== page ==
WOMAN: The Agony of an Anguished Mother

05072014SUN-EXT-HAR-03Castigated by those that she holds dear, shunned by those close to her and hated by almost everybody else, Florence Chigasa is like a leper.
Her crime is doing what any other woman should do under her circumstances, and that is seeking justice for her young one.

Last year, Ms Chigasa came home from a day labouring in the fields to discover that her five-year-old daughter had been raped and beaten by her brother-in-law.

Upon taking the matter to the police and later doctors, it was discovered that it was not the first time the girl had been raped and she had developed health complications as a result.

What followed were a series of traditional court dates, clashes with in-laws, an attempted bribe and finally being exiled to Gweru, away from all she holds dear and everything she has ever known and worked for.

Although the rapist has since been sentenced to 17 years behind bars – with two years suspended on condition of good behaviour – 31-year-old Ms Chigasa is yet to find peace.

“The whole community turned against me from the very first day I reported the case and the perpetrator was jailed. The crime I committed in their eyes was to report the case to the police which they did not want me to do.

“To them what was important was to fight on their son’s side but they did not consider the impact of the rape on my child who is also their grandchild. Up to now they are still angry and have even vowed that this matter is not yet finished.” Ms Chigasa goes on: “I refused to accept the five cows that my father-in-law offered me as bribe so that I do not report the case. My husband, whom I thought was on my side, turned his back on me.

“He beat and harassed me on a regular basis and I live with the wounds on my back as evidence of the abuse I went through for refusing to withdraw the case.

“It got so bad that I even tried to withdraw the case, but the courts refused and threatened to punish me.”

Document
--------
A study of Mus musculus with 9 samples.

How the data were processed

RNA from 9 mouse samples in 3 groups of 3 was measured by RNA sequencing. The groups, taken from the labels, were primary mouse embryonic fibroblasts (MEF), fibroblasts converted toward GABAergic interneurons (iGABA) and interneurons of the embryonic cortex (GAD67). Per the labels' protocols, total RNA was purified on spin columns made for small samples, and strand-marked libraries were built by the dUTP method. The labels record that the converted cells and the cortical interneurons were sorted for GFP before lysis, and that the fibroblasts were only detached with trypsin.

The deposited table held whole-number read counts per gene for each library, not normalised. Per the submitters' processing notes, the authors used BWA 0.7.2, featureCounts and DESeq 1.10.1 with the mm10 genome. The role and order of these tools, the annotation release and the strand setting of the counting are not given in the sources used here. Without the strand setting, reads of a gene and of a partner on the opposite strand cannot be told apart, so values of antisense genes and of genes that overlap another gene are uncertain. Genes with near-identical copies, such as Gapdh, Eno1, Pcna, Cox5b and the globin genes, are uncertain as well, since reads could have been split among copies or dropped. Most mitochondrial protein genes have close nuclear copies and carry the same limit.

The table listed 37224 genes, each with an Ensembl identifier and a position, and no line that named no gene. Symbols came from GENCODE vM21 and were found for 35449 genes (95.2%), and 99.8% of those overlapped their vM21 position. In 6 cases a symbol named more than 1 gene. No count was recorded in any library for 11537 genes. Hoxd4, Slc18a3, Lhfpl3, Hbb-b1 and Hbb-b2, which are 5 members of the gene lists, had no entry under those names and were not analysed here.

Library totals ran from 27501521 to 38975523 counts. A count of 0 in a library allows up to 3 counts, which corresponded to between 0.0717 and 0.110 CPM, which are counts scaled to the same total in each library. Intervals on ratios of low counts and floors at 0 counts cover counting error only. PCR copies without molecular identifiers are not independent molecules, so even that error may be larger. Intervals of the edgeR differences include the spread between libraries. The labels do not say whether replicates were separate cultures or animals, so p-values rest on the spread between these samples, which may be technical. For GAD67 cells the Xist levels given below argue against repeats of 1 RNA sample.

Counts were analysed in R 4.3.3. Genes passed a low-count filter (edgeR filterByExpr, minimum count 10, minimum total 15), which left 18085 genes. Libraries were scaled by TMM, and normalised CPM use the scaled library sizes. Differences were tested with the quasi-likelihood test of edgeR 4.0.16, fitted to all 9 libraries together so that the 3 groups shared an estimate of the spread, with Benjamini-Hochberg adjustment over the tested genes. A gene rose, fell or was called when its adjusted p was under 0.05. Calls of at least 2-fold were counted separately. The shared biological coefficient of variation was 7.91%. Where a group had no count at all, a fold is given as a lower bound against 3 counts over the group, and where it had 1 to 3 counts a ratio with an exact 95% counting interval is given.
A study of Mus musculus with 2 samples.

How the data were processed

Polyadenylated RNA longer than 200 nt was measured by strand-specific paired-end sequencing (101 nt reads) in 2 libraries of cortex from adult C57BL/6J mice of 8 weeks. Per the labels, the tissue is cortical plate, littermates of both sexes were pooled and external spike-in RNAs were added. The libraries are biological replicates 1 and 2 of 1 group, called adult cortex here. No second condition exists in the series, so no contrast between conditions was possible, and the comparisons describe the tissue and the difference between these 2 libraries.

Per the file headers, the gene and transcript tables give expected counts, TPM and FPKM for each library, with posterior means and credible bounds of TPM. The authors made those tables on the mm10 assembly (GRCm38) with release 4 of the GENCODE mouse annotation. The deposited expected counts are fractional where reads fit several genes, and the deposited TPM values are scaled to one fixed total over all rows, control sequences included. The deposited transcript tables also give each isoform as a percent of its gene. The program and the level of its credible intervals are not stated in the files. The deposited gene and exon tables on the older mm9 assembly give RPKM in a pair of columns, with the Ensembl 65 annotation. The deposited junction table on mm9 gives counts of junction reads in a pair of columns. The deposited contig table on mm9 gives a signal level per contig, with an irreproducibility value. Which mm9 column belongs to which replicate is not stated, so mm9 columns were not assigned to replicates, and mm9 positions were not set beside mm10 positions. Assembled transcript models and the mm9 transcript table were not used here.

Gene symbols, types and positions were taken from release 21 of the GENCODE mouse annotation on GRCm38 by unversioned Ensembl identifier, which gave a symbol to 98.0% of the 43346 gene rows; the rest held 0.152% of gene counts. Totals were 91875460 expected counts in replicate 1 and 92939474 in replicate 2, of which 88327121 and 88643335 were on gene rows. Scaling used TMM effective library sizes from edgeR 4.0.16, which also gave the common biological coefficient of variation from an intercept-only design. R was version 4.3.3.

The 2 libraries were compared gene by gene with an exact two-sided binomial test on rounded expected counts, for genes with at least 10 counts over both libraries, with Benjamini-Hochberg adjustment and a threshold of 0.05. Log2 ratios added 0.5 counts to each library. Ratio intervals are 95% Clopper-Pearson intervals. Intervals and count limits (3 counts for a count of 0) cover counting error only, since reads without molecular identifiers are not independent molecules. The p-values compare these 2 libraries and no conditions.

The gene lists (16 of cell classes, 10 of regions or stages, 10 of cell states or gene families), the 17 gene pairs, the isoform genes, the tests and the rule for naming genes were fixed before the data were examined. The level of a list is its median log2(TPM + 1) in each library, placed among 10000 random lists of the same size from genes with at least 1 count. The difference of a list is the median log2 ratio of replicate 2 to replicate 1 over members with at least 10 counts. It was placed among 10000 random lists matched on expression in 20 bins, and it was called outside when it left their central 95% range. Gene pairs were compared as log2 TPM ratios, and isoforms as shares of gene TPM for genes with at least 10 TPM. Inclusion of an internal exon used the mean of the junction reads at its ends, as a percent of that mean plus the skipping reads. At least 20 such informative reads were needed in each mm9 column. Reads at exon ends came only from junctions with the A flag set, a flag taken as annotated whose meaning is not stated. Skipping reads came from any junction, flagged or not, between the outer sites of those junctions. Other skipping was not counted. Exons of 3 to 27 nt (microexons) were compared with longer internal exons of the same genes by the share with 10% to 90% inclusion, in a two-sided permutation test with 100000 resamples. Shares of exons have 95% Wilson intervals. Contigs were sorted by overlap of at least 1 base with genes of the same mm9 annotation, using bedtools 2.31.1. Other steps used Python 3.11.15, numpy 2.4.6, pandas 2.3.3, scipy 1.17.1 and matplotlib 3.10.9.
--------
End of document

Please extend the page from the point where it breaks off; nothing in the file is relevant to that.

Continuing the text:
And it appears this is just the tip of the iceberg.

Investigations by The Sunday Mail Extra crew revealed a sinister history that the Mitsi clan does not want exposed.

This is not the first time family members have tried to cover up rape, and indications are that these are performed for ritual purposes.

One other rape of a 10-year-old is rumoured to have occurred in the family, and the clan member is also serving a lengthy jail term.

But the family says the latest rape circumstances are unclear and they believe Ms Chigasa’s accusations are merely meant to tarnish their clan’s.

As such, Samuel Mitsi – the father of the five-year-old girl and husband of Ms Chigasa – has never visited his daughter since the rape was reported.

“There was no tangible evidence that any rape occurred and we only heard from the doctors that the child was raped and needed medical attention.

“They have since left for Gweru we hear, but we do not know their exact whereabouts. I have made several efforts to contact them but she denies me access to see the children.

“I am not even sure how they are surviving or footing the medical bills,” says Mr Mitsi.

Mr Davis Mitsi, grandfather of the victim, denies trying to bribe the girl’s mother so that she would not make a police report.

He says his daughter-in-law left to seek medical attention for the child and never returned.

“All we know is that we never chased her away, she left this place and we were in good books. We never bribed her to withdraw the case at the courts but we were only trying to negotiate as a family.

“The perpetrator we are talking about has since been sentenced to 17 years in Jail, so why is she still bothering us about this issue. What exactly does she want?” the elder Mr Mitsi asked.

Chief Njelele of Gokwe says he handled the case for a while, and spoke of the abuse Ms Chigasa suffered.

“The case came to my attention this year and confirmations were that the child was raped and needed serious attention. However, the mother of the child received several threats from the family to the point that she pleaded with me to withdraw the case so that she could at least have peace at home.

“We do not want that in this community, the Mitsi family has never been really open about the incident, raising suspicions that there is more information that we do not know.

“I have tried to assist the woman in every way possible and we are still engaging the Mitsi family so that they can accept their daughter-in-law,” he says.

  • All names – except Chief Njelele – have been changed to protect the identity of the victim.


    Thumbs up to the Sunday Mail for bringing to light some of these crude happenings that occur in some of our country’ families. I am still to expose my own dilemma at being hated by my husband’s family and in-laws for having come out in the open and tell the family that their son (my husband) infected me with the HIV-AIDS virus. I am sure of this because I never slept with any other men other than him but he has had hundreds of women and children from various women to this day. Our culture and beliefs need to be exposed and victims given the much-needed support and counseling. This is sad.